If you or someone you know is a victim of domestic violence, it is important to seek help as soon as possible. Calling the police or a local domestic violence hotline can be a good start, but you may also need to seek help from a lawyer.

The impact of domestic violence on divorce is largely dependent on the specific circumstances of your case. Depending on the type of abuse you and your spouse have experienced, it can affect how you share assets, spousal support and child custody in a divorce.

Getting the right divorce attorney in Miami for you can be key in navigating the process and finding the best outcome possible for you and your family. An experienced divorce attorney in Miami who handles domestic violence cases will have the resources and expertise needed to ensure you are protected and treated with fairness during and after the divorce process.

What are the Different Types of Domestic Violence?

Abuse may include physical, emotional, sexual or economic abuse. It may also include controlling or threatening behavior, such as stalking, harassment or threats.

Some signs of domestic violence can be hard to spot. For instance, some victims don’t have bruises or black eyes or may not be in immediate danger. But they feel controlled or uncomfortable, are being forced into doing something they don’t want to do or are being intimidated by their partner.

Domestic violence can also be caused by false accusations of domestic violence. These can be especially damaging if they are made with the intent of exacting revenge on your spouse.

Legal & Physical Custody of Children:

The decision on how to care for children during a divorce is usually based on what is in the best interests of the children. This means that the court will consider how a parent’s abuse or a history of abuse has affected a child’s safety and security.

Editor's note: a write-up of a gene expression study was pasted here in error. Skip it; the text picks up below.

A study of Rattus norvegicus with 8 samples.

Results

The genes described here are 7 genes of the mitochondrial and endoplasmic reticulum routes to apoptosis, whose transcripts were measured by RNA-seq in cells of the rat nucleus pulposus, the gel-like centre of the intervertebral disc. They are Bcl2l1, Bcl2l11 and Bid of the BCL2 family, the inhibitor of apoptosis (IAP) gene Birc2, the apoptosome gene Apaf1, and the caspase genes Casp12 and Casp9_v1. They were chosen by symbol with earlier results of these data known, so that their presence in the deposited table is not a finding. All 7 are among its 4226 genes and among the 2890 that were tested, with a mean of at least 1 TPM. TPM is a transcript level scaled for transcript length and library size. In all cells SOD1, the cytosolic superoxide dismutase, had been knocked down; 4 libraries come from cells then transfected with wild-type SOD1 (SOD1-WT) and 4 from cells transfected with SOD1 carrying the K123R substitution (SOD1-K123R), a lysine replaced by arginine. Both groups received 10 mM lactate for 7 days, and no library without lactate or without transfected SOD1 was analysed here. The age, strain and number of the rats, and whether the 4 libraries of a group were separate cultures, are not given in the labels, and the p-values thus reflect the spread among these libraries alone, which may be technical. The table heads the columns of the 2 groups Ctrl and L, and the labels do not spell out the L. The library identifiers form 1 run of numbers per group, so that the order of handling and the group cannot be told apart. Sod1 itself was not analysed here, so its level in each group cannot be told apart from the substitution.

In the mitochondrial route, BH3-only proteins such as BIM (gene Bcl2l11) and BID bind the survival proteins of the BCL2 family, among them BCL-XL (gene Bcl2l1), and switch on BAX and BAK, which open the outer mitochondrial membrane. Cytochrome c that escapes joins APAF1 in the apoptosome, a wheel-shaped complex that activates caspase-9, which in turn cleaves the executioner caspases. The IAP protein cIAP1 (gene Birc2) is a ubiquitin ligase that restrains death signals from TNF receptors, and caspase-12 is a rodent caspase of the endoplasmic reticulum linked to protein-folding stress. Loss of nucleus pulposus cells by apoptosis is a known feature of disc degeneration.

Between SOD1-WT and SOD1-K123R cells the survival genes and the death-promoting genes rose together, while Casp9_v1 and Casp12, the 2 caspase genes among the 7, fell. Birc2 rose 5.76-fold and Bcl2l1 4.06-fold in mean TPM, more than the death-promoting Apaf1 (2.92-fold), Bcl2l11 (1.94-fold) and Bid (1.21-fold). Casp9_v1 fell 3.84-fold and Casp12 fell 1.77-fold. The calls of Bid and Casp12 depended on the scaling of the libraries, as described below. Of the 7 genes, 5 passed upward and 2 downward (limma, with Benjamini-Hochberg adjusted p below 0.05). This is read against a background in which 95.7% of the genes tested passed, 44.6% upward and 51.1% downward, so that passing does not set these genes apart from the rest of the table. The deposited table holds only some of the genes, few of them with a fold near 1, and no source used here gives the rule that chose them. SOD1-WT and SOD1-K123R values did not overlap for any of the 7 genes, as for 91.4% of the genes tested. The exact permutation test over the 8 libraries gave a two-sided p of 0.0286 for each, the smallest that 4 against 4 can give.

It can have a significant impact on the parent’s rights to access their children, whether it is outright denied or reduced in some way. In extreme situations, a judge might refuse to allow the abuser to see their children altogether.

In other cases, a judge will allow access to their children if they are concerned about the abuser’s ability to provide for them safely. This may include supervised visitation or other protections.

Leaving the House:

If you are a victim of domestic violence, you should pack an emergency bag and leave your home as soon as possible. This includes your clothes, money and other necessary items.

Keep an eye on your phone and text messages as well. Your abuser can use these to monitor your calls and texts and track you down.

A good idea is to keep a diary of your abuse during the marriage. This can be helpful when you decide to file for a divorce and will help your divorce lawyer understand the full extent of your abuse.